Large Tree Pruning and Care

(Adapted from the Nebraska Forest Service with permission).

Storm damage to large trees can cause many problems. These problems can exist immediately after the storm or become evident many months or even years later. Since large trees involve large branches and heavy weight, it is best to leave this kind of storm repair to qualified professional arborists. Here are some things that you can do to help larger trees recover from storm damage.

Tree Inspection 

Inspect trees carefully following any heavy storm, particularly if the tree in question has suffered previous storm damage. Look for splits and cracks in the trunk or major limbs. Make note of any areas where water appears to be seeping from within the tree. Inspect the root collar area (at the base of the tree) to look for uplifted soil or disturbed roots. If any of these conditions exist then it is important to have your tree inspected by a qualified professional arborist.


Pruning large trees should be left to a professional arborist. Working in larger trees can be dangerous due to the heavy weights of branches. In addition, larger trees may be located near or under utility transmission lines. Working around utility lines is dangerous. Special training is required for arborists to prune trees when a utility line is involved. If you suspect your tree needs pruning contact a qualified professional arborist. If utility lines are involved contact your local utility company immediately.

The top priority for pruning after a storm should be to make the tree safe. After this has been accomplished, the tree should be evaluated for reconstructive pruning needs. The object is to maintain as many live branches in the crown of the tree as possible so that sufficient leaf cover is maintained to return the tree to normal vigor. At the same time it is important to removed severely damaged branches and minimize open wounds that will lead to decay.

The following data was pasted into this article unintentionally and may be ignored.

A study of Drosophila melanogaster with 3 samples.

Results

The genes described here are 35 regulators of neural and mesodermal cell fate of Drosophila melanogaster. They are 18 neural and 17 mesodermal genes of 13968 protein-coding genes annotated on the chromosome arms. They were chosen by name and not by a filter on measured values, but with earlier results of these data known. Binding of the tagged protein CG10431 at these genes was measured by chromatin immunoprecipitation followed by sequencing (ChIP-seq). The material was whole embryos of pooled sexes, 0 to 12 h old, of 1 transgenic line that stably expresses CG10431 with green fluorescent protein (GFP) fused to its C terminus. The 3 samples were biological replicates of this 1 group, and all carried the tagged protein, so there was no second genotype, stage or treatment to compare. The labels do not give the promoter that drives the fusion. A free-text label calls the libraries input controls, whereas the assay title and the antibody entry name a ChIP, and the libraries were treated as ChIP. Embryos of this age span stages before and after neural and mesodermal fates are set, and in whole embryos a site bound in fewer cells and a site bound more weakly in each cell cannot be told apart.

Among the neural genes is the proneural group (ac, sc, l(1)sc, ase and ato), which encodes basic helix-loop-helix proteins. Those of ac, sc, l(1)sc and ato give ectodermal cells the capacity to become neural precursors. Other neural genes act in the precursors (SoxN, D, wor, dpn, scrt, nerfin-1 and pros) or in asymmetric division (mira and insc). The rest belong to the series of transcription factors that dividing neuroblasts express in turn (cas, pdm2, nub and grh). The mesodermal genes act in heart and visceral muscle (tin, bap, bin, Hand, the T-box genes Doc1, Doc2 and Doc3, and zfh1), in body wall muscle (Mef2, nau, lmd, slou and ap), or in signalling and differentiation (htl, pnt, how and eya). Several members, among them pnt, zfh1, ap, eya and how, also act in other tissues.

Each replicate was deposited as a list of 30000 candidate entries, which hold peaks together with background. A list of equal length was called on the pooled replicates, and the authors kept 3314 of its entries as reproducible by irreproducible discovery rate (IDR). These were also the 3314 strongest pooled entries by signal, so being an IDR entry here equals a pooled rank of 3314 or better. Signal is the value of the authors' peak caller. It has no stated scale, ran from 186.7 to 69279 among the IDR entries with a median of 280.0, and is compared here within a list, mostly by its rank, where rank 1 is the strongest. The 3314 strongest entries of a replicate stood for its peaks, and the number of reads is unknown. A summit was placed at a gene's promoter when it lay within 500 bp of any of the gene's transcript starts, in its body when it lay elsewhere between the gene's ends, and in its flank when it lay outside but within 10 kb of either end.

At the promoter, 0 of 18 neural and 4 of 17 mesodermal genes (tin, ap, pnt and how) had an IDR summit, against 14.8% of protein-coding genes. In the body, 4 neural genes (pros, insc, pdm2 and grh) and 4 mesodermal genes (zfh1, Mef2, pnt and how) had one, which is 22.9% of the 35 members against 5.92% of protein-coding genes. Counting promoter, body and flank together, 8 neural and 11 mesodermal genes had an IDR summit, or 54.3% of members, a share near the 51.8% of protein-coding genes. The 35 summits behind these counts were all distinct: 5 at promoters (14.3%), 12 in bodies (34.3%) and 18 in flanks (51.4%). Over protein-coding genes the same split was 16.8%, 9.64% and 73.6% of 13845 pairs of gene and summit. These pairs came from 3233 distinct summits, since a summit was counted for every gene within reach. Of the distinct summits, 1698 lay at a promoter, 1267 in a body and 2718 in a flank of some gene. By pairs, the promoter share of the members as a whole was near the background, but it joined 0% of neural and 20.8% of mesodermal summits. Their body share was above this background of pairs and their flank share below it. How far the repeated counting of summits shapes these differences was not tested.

Determining whether or not a tree should be removed is a difficult decision for most homeowners. Major splits or cracks in the main trunk or in one or more major limbs may render the tree unsafe and require removal. In some cases, cable and brace work may be a viable option. Cable and bracing should only be done by a qualified arborist. If done improperly, the tree will remain in an unsafe condition.

If more than 50% of the tree's living crown has been destroyed then removal may be recommended. If the root system of the tree is intact, then the crown will re-grow. Think carefully about the function that your tree performs in the landscape. If this function (screening, shade, wind protection) is still being performed, then you may want to try to salvage the tree for a few more years while you plan for and begin replanting.

Although tree removal is a last resort, there are circumstances when it is necessary. An arborist can help decide whether or not a tree should be removed. Professionally trained arborists have the skills and equipment to safely and efficiently remove trees. Professional Arborists In all cases where larger trees are involved it is best that homeowners seriously consider the use of a professional arborist.